Published Saturday, 18 August 2012
I wouldn't be too sure about that after the Mallards' start to the top flight and, in particular, their superb display on matchday two which left Whites boss Tim McCann red-faced.
Add to that the fact the other 10 teams in action on Saturday couldn't be separated then I'd say Ballinamallard are at least capable of cementing a position in the top six come the end of the season.
Despite a lengthy delay which culminated in the dismissal of Distillery's Phil Simpson, the referee added just one extra minute to the second half - clearly, in boxing parlance, a case of avoiding further punishment.
Granted Distillery were architects of their own downfall with an abject performance but I'd give Ballinamallard due credit for their entertaining brand of football.
Rarely have I seen so many passes find their target at an Irish League match and Jason Mcartney's third goal illustrated the point as he danced his way past several defenders before finding the net after an excellent flowing move.
Two hundred and eighteen fans turned up encouraged by the free admission made possible by the generosity of an anonymous match sponsor.
So I was told by Distillery Chairman Jim Greer, the man who came off with the famous quote about Irish League football: "It must be the only league in Europe where the referee and his assistants get paid more than the players".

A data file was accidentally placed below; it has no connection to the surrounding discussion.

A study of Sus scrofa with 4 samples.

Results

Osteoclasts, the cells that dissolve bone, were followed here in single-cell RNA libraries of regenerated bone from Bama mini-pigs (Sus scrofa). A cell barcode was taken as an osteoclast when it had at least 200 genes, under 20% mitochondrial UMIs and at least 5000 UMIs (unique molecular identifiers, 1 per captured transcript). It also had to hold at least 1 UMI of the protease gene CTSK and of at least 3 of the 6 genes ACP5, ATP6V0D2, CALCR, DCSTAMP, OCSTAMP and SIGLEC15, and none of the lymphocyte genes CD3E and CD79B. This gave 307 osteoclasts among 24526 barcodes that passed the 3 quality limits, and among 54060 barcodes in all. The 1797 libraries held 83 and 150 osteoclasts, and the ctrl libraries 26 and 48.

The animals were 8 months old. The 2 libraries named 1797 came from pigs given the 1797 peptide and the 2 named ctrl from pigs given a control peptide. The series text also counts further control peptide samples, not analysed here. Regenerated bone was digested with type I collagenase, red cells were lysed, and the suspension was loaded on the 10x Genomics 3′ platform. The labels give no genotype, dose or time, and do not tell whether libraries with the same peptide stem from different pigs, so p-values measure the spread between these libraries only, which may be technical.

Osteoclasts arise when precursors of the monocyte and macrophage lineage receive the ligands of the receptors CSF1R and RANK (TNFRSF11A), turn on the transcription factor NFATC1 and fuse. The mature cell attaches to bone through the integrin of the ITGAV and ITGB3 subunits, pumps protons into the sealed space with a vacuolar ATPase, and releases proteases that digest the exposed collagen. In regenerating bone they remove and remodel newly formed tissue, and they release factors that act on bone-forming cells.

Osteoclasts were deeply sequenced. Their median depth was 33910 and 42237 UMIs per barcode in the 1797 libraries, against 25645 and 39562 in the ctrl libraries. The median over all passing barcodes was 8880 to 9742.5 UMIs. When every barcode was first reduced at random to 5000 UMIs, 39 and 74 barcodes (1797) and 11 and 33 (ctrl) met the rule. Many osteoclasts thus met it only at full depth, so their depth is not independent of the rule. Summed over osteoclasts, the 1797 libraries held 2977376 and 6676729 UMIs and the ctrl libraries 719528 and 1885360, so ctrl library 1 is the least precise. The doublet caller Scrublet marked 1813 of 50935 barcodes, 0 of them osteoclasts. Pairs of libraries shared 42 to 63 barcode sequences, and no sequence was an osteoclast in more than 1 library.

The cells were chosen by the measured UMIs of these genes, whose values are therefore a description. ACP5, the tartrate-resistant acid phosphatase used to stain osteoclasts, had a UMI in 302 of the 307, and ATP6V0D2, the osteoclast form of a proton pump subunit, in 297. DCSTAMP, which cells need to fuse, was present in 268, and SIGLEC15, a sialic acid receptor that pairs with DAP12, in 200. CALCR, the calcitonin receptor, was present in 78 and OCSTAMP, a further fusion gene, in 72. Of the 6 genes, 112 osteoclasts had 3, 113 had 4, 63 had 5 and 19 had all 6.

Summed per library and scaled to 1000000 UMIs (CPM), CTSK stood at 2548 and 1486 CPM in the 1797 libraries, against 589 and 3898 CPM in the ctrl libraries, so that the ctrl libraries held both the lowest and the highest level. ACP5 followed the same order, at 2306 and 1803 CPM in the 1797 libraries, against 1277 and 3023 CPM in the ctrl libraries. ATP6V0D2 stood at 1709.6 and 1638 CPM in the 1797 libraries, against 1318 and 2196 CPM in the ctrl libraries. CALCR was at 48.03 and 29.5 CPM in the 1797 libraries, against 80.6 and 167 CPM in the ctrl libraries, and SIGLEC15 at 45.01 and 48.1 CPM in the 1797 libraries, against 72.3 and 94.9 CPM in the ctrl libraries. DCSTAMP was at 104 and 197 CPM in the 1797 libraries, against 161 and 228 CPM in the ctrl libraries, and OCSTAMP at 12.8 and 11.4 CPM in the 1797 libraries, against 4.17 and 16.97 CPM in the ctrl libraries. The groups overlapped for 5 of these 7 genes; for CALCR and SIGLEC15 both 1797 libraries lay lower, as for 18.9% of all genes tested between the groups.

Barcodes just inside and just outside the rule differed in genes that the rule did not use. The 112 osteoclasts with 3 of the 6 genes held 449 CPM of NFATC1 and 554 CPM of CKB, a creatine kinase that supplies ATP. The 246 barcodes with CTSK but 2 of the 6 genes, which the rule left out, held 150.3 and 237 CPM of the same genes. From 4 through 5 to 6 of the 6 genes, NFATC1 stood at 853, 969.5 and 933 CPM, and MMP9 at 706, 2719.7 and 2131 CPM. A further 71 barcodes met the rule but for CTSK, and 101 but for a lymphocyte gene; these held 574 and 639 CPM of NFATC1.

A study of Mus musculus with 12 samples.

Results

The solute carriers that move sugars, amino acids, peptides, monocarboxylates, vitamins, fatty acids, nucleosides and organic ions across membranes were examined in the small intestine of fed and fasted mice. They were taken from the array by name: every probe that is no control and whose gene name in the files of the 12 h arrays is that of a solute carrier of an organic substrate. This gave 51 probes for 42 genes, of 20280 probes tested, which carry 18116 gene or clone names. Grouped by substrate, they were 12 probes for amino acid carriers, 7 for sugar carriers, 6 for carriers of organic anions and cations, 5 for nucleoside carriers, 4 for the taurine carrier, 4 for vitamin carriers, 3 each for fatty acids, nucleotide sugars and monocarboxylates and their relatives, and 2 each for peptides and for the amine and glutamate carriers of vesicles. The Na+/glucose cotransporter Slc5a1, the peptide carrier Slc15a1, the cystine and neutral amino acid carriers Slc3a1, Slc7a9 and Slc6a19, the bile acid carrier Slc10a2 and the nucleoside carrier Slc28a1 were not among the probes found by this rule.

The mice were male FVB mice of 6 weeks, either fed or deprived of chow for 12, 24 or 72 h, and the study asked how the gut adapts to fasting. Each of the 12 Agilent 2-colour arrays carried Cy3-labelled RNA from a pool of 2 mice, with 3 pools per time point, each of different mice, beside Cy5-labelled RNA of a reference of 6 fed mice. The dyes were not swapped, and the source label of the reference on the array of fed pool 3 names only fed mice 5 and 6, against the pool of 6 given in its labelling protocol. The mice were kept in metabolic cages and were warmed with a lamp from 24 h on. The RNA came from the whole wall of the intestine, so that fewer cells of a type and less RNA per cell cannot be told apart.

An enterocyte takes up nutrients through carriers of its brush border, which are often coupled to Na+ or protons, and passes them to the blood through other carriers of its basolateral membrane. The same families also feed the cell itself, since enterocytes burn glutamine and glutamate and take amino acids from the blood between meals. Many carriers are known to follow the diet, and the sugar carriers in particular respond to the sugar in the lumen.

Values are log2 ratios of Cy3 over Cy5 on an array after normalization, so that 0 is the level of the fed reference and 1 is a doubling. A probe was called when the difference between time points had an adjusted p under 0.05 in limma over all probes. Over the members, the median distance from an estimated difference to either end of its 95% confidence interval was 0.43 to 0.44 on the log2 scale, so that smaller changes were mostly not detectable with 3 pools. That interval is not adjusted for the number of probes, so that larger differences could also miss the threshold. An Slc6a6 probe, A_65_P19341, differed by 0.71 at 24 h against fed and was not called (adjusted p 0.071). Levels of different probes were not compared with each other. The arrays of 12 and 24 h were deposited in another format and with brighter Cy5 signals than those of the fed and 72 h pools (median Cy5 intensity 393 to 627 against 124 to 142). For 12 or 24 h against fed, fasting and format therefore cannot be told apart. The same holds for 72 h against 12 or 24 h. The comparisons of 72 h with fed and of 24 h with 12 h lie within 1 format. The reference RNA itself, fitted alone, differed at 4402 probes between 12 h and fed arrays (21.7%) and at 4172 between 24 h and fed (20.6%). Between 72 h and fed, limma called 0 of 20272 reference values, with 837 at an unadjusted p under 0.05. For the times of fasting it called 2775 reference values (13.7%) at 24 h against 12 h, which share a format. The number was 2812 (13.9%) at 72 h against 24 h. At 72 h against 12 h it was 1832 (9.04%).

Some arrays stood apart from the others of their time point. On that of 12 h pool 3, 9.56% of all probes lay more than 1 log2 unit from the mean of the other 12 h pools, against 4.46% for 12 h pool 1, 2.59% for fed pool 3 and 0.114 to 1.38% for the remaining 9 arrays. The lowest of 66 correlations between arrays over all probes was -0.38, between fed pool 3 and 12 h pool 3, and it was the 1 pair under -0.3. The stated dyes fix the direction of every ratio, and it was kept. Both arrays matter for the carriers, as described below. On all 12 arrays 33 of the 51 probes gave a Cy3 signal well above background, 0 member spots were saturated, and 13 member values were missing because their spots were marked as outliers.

Ominously as it turned out he alluded to the fact that Ballinamallard had beaten the Lisburn side before in the Irish Cup.
Well admission was 'free' if you were able to get past Whites' stalwart Rab who demands a pound for the weekly 50-50 draw, which I have never won, I hasten to add.
Around 60 fans travelled all the way from Fermanagh and Whitey made sure his players applauded the supporters as they trooped off the pitch after their historic first victory in the top flight of Irish League football.
The Mallards boss lapped up the media attention after the game telling reporters that visiting teams will get a "warm welcome" when they go to Ferney Park and "it's a lovely part of the world", doing his bit for Fermanagh tourism.
Chatting to fans at the game many had come along because it was free, but one told me: "It would have been just as easy to have gone to Ravenhill for the rugby but Irish League football is struggling so I try and support the Whites whenever I can".
Some clubs may well be struggling but I've a hunch Ballinamallard aren't one of them judging by the amount of branding on their kit.
Two separate car dealerships were advertised on the players' shorts and there were two additional sponsors branded on the front and back of their shirts.
Being a rural club, particularly with a monopoly of senior football in the area probably makes it easier to attract sponsorship.
In contrast Distillery suffer from the fact that Lisburn is primarily a city that supports Linfield and they have never really been a big crowd puller since moving from the Grosvenor Road in Belfast during the Troubles.
The Whites manager Tim McCann is more than just that - he is doing his bit to attract sponsors to the club. He's had a tough baptism in his first job as the man in the hot seat after being Scott Young's number two at Glentoran.
As for the Mallards, they're certainly flying high and as Whitey Anderson remarked afterwards those who thought they'd be whipping boys have been proved wrong.